On Behalf of | Mar 12, 2021 | Employment Law |

Most employers and employees in British Columbia will likely accept that business activities have undergone permanent changes due to COVID-19. Establishing protocols for employees to return to the offices after months of remote working could be challenging. Many employees might feel everything has finally fallen in place in managing households and offices from home. Can they be forced to come back to their offices? How should employers deal with those who prefer working from home?

When some employees show reluctance to return to the office environment, management should consider the following:

  • How important is it to get employees back?
  • Can the particular task be done better in the office than at a remote location?
  • Does the employee have valid reasons for wanting to work from home?
  • Is the employee or another household member’s immune system compromised?
  • If schools are still closed, does the employee have young children at home?

Employees whose presence is essential in the business premises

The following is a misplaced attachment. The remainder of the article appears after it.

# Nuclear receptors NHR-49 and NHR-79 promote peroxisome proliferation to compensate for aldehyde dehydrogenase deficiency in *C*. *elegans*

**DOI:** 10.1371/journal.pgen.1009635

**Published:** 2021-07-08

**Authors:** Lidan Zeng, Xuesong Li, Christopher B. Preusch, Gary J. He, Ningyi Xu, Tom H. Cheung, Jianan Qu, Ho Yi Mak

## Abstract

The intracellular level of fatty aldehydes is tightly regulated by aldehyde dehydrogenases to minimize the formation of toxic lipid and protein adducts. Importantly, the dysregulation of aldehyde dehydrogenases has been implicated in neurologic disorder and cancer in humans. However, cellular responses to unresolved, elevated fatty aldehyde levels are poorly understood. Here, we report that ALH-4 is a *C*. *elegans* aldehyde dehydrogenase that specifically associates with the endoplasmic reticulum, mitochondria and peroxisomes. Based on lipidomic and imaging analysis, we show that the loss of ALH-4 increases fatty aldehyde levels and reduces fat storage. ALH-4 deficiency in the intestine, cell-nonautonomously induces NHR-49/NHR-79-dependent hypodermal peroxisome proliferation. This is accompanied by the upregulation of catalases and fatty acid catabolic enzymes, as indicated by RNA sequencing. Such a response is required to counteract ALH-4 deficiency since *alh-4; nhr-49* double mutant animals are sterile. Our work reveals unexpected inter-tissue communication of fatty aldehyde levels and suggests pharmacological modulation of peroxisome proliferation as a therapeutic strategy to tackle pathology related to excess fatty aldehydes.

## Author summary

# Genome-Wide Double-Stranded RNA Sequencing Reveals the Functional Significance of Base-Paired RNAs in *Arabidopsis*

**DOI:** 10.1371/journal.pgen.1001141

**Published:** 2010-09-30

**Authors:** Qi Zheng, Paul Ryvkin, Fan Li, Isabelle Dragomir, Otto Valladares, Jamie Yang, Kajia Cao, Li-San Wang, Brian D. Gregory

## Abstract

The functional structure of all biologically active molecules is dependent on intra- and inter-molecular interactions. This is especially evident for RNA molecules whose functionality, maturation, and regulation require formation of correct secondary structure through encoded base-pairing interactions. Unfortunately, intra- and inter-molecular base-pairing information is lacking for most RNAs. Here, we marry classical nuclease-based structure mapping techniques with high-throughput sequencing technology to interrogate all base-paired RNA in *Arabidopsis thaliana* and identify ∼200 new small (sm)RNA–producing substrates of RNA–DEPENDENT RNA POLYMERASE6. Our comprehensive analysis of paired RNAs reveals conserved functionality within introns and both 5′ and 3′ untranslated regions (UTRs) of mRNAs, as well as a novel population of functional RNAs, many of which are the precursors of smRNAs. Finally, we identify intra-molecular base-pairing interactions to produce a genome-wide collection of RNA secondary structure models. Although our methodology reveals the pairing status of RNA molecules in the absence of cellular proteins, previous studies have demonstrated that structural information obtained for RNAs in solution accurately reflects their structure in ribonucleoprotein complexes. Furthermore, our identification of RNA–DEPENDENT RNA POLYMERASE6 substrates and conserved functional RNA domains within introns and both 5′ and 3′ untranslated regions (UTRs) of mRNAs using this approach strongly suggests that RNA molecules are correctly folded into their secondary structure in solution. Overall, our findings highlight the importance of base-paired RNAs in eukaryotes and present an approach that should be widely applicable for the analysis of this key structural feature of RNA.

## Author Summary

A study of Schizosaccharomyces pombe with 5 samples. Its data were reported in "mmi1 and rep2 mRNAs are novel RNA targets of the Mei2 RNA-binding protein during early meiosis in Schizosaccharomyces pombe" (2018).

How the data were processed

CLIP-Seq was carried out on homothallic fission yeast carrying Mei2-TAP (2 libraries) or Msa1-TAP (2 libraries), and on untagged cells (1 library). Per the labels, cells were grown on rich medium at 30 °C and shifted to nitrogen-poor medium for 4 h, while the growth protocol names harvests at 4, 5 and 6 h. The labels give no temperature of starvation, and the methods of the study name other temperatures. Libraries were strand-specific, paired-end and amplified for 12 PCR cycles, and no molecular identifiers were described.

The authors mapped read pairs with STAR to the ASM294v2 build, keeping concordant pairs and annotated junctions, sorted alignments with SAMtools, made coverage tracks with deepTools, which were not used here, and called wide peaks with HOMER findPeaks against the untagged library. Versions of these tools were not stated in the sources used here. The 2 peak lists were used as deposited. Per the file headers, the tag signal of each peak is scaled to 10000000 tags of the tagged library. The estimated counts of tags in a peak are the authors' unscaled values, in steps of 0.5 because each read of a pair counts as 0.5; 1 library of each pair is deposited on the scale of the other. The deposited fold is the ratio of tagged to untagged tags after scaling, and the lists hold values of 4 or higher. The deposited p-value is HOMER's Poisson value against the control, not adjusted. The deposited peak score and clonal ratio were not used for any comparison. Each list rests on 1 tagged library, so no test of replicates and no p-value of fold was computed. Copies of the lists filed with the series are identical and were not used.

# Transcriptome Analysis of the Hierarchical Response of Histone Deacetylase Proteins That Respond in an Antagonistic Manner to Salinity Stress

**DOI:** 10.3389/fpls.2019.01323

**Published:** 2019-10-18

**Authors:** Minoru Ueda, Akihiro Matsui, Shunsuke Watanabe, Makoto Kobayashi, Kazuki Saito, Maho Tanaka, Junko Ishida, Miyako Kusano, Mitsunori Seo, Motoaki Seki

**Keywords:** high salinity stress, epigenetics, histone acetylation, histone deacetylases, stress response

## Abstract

Many workplaces, no matter how flexible, may require at least one employee at the office, for example, having a receptionist in the front office once the business reopens. When dealing with essential employees, management will have to consider any reasonable concerns the employees may have about health risks.

Protections can be implemented by the employer to ensure a safe working environment and address an employee’s reasonable concerns, such as a plexiglass screen to maintain safe distancing. Furthermore, rules to put in place could include mandatory mask-wearing, social distancing, keeping the lunchroom closed, etc.

If a business requires only some staff members to work in the office, unoccupied offices could be allocated to allow each employee to work in a separate office. These and many more challenges will be faced by business owners in British Columbia. Throughout the process, protecting the health of employees will be the primary concern. Considering accommodation for the personal circumstances of each individual staff member is crucial to avoid human rights issues.